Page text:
His latest novel is The Edinburgh Dead.
Last month I asked Ruckley what he was reading. His reply:
I'm a bad reader. I've become constitutionally incapable of reading a single book, from start to finish, without getting distracted by some appealing new prospect. As a result, I've always got at least two or three books sitting at the bedside, which I'll dip into as the fancy takes me. Means it takes me a long time to finish a book, but at least it has the virtue of keeping things varied and interesting, I suppose.Visit Brian Ruckley's website.
Anyway, right now, three books I'm working my way through bit by bit:
Mussolini, A New Life by Nicholas Farrell. An intimidatingly thick, dense biography of Il Duce. I'm an incurable fan of all sorts of history, from cavemen to the 20th century, and this was a rather random pick at the library. By its sheer weight it looked certain to cure my ignorance of the guy who pioneered Fascism. And it's certainly doing that: a fascinatingly detailed look at his life and the amazingly chaotic state of Italian politics in the 1920s. It's more sympathetic to Mussolini than you might expect, which is interesting, though I'm not sure yet whether I'm entirely convinced.
Under Heaven by Guy Gavriel Kay. One of my favourite authors, when it comes to the fantastical, and so far this is delivering what I've come to expect. An interesting adaptation of real world history to a directly analogous imagined setting (in this case, it's Kay's version of medieval China), with a focus on characters and their inter-relationships. The basic idea of the plot is a clever, simple one: our hero is given a gift - two hundred and fifty of the world's finest horses - so absurdly generous that it immediately makes him both immensely powerful and a target for killers, manipulators and conspirators.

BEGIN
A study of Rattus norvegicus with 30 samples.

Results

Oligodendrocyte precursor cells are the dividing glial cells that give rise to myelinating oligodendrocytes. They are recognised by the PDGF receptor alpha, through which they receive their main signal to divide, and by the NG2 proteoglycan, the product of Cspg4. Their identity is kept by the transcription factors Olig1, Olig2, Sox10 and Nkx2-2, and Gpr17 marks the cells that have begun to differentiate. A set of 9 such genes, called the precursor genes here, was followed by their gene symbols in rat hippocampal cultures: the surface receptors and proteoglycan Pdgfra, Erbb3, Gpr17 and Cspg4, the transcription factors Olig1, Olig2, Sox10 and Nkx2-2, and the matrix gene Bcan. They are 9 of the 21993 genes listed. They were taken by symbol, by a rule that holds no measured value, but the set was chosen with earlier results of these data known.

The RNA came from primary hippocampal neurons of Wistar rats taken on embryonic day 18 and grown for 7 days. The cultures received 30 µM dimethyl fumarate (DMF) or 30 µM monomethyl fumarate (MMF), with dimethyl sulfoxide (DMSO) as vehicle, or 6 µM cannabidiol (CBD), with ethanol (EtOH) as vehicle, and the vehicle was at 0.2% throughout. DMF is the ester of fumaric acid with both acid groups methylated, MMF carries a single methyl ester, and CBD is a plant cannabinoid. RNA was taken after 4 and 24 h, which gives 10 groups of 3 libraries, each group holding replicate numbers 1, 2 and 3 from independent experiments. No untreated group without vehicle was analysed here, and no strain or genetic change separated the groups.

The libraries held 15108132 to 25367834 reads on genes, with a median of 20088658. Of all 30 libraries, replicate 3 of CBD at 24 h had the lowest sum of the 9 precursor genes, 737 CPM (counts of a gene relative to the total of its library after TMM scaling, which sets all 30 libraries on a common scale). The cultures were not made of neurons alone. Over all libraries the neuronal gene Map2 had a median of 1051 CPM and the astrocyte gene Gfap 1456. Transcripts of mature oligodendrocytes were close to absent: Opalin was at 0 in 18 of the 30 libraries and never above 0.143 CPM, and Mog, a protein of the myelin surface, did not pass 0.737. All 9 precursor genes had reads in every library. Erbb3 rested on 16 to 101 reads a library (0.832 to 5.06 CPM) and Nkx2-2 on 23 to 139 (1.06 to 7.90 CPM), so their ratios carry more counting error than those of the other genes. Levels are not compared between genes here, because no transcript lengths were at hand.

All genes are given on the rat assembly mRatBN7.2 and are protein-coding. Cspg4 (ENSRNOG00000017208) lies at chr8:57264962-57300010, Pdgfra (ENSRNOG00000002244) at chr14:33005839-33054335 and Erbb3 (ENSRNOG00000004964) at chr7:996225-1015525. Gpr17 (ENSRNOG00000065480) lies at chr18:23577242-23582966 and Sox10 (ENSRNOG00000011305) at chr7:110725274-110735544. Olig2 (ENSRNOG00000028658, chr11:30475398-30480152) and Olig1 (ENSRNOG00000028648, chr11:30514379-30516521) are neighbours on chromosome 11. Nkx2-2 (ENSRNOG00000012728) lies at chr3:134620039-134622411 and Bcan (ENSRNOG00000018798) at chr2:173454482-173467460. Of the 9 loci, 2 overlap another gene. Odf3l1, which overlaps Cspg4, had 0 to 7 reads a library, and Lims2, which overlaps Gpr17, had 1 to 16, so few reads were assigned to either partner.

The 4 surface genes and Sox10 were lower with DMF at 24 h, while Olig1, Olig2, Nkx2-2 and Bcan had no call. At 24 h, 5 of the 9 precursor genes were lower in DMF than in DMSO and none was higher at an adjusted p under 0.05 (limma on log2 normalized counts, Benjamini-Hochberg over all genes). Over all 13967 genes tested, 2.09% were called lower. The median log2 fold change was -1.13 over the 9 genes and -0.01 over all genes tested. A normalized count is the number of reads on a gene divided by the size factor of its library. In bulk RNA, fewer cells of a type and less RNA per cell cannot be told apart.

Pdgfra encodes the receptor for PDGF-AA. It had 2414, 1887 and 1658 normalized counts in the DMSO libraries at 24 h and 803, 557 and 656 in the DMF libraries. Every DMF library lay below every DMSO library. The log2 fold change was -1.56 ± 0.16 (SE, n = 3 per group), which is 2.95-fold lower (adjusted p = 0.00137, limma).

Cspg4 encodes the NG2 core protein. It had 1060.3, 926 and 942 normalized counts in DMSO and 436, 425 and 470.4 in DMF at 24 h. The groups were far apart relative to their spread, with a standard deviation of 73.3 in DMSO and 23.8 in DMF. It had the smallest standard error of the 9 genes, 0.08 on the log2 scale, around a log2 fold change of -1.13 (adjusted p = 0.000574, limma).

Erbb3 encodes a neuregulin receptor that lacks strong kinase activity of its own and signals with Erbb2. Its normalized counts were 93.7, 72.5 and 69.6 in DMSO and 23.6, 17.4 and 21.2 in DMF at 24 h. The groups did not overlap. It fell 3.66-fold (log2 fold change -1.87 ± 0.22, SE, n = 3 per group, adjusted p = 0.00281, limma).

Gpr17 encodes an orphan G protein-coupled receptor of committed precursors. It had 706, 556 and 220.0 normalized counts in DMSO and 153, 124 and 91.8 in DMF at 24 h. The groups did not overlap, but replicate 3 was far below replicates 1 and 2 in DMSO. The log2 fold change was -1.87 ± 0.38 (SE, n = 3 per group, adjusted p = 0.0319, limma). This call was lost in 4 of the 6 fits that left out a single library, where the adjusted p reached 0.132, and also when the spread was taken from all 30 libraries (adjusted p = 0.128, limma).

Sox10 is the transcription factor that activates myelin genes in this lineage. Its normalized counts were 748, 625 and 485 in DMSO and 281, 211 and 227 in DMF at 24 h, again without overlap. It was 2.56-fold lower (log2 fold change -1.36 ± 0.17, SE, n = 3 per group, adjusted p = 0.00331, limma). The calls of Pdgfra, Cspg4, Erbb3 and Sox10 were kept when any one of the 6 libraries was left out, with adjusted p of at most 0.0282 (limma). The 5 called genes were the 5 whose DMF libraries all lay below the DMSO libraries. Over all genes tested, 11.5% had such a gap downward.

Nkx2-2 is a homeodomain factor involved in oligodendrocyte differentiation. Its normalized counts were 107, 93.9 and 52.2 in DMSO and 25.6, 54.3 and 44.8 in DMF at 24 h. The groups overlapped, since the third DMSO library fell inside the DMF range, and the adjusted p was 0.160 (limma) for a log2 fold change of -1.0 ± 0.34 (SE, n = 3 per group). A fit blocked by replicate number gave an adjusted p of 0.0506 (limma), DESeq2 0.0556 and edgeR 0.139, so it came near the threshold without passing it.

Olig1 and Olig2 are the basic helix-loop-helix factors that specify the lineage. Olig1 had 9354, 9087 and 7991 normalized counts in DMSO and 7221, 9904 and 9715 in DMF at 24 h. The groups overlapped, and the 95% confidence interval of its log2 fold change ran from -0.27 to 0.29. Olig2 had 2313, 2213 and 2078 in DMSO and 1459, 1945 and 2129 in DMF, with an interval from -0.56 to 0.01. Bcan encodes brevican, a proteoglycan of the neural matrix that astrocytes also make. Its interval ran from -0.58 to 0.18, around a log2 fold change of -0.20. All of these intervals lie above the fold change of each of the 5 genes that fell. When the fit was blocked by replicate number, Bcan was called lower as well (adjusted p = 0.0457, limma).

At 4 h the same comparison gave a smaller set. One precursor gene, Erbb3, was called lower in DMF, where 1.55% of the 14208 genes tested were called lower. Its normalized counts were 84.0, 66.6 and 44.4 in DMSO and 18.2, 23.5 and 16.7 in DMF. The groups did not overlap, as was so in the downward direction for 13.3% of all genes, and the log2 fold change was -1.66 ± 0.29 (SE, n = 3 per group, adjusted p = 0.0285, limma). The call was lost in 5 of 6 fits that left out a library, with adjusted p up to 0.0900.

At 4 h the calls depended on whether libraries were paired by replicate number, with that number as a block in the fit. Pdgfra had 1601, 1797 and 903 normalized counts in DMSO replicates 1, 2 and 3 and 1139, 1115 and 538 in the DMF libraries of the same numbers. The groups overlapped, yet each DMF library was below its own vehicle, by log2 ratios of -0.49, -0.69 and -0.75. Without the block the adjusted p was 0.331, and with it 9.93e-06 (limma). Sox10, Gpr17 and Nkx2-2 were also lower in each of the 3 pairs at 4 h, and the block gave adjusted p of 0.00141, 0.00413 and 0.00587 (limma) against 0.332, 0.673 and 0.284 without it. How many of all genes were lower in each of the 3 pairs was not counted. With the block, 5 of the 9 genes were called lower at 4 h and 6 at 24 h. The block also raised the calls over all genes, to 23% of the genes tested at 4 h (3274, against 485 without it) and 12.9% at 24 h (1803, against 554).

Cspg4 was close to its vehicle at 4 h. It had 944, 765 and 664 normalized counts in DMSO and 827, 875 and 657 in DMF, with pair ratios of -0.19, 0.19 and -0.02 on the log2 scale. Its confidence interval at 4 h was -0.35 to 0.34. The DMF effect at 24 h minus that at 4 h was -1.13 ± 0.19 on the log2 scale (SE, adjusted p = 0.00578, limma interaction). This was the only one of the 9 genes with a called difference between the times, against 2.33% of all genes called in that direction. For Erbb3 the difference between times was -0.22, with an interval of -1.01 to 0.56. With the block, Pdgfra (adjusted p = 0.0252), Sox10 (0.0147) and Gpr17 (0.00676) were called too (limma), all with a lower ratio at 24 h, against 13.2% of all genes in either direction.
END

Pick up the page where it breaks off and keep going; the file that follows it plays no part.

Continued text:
Capital Caricatures, by Sheila Szatkowski. Etchings by John Kay. An obscure one, this, which I was given as a present. My most recent book, The Edinburgh Dead, was set in Edinburgh in the 1820s, and this collection of etchings, with historical commentary, of some of Edinburgh's most famous and eccentric inhabitants just before that date struck someone as a suitable gift. They were right, too, as it's fascinating and fun. It's an entertaining reminder of something all writers of historical fiction do well to remember: for all the distance between us and them in time, our forebears were really not so very different from us in their preoccupations, their vanities and foibles and oddities, or their hopes and aspirations. Human beings have been, and no doubt always will be, very human in their failings and their virtues alike.
Ruckley's books include the fantasy trilogy The Godless World, which consists of the books Winterbirth, Bloodheir, and Fall of Thanes.
My Book, The Movie: the Godless World trilogy.
The Page 69 Test: The Edinburgh Dead.